Montana Closes Loophole in Media-Shield Law

     HELENA, Mont. (CN) – Montana Gov. Steve Bullock has signed a bill that bolsters existing media-shield law to protect the freedom of the press.
     House Bill 207, sponsored by Rep. Daniel Zolnikov, R-Billings, closes a loophole that allowed state and local governments to obtain reporters’ notes and other confidential information from e-mail providers, social networking sites and other electronic sources.
     The Media Confidentiality Act, signed on April 9, passed the House by 90-7 on Jan. 31 and the Senate by 47-1 on March 21. It had been unanimously approved by both the House and Senate judiciary committees.
     The bill prohibits “governmental bodies from requesting or requiring the disclosure of privileged news media information from services that transmit electronic communications,” and prohibits “an electronic communication service from being adjudged in contempt if the electronic communication service refuses to disclose certain information.”
     Under the bill’s language, reporters also may not be “examined as to or required to disclose any information obtained or prepared or the source of that information in any legal proceeding if the information was gathered, received and processed in the course of his employment or its business.”
     John MacDonald, a lobbyist for the Montana Newspaper Association, says the new law will go a long way in protecting reporters and giving them confidence that they will not be forced to give up names of sources, leads and other information.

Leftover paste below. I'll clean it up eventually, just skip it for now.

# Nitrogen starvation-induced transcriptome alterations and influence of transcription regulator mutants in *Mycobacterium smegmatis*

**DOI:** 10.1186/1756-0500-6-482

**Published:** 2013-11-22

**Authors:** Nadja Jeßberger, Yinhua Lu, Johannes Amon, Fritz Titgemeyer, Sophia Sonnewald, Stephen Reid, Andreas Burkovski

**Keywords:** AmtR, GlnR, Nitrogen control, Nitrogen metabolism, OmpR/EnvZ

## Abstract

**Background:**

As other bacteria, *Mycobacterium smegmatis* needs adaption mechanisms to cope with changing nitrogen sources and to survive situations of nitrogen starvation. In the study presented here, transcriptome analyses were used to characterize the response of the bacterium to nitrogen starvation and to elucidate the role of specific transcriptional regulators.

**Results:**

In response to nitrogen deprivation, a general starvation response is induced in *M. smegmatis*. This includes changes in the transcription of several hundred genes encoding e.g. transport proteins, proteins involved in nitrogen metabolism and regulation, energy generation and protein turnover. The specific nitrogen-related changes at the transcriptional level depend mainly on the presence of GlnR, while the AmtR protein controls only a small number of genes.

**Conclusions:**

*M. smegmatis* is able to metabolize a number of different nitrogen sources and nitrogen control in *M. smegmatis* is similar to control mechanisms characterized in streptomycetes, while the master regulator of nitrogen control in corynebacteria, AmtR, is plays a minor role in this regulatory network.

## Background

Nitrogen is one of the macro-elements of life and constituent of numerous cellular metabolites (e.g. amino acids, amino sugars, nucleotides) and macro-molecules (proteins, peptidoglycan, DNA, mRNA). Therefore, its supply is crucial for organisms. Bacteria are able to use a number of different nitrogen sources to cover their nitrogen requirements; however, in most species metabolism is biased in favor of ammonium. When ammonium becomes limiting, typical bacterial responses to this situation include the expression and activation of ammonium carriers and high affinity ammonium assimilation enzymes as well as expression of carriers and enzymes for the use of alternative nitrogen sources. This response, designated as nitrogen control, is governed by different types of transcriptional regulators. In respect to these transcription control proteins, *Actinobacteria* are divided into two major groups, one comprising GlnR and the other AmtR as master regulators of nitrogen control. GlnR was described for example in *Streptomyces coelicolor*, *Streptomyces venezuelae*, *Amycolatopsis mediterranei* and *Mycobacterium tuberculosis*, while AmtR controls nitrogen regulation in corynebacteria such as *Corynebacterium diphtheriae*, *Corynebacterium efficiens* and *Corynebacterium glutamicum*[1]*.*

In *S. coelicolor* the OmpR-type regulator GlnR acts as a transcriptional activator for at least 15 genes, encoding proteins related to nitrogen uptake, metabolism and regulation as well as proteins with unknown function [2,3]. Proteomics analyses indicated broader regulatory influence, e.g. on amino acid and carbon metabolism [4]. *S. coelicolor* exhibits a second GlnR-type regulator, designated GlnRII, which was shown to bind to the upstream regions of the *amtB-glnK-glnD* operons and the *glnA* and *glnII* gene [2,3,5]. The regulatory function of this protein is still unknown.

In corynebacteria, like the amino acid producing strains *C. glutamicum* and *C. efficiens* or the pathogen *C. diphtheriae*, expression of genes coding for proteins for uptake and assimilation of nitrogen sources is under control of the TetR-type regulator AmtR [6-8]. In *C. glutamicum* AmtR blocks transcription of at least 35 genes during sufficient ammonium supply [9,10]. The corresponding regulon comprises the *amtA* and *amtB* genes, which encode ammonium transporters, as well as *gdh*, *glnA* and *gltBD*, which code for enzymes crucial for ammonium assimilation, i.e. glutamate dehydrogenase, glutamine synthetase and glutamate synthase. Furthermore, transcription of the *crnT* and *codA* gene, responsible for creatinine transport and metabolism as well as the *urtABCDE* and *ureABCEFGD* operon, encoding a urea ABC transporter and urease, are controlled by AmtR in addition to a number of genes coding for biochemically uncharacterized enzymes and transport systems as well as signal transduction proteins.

“We have been fortunate that we have not had an issue like this come up, where the government in Montana attempted to access reporters electronic information, but this ensures reporters that they are on a strong footing, so they can say ‘I don’t have to give you what you are asking for, and you can’t access it from a third party,” he told Courthouse News.
     The bill is the first of its kind in the nation and an important first step forward in protecting the freedom of the press, especially in light of the government’s recent investigations focusing on members of the media.
     In 2013, the U.S. Department of Justice under Attorney General Eric Holder issued subpoenas for phone records from the Associated Press. The department also named Fox News reporter James Rosen a “criminal co-conspirator” under the Espionage Act of 1917, in connection to possible leaks of classified information about North Korea in 2009.
     “Freedom of the press is one of the most crucial rights contained in the First Amendment,” Zolnikov said on his website. “We’ve seen unprecedented attacks on the rights of the press in recent years at the federal level, but we can show our support for reporters at the state level.”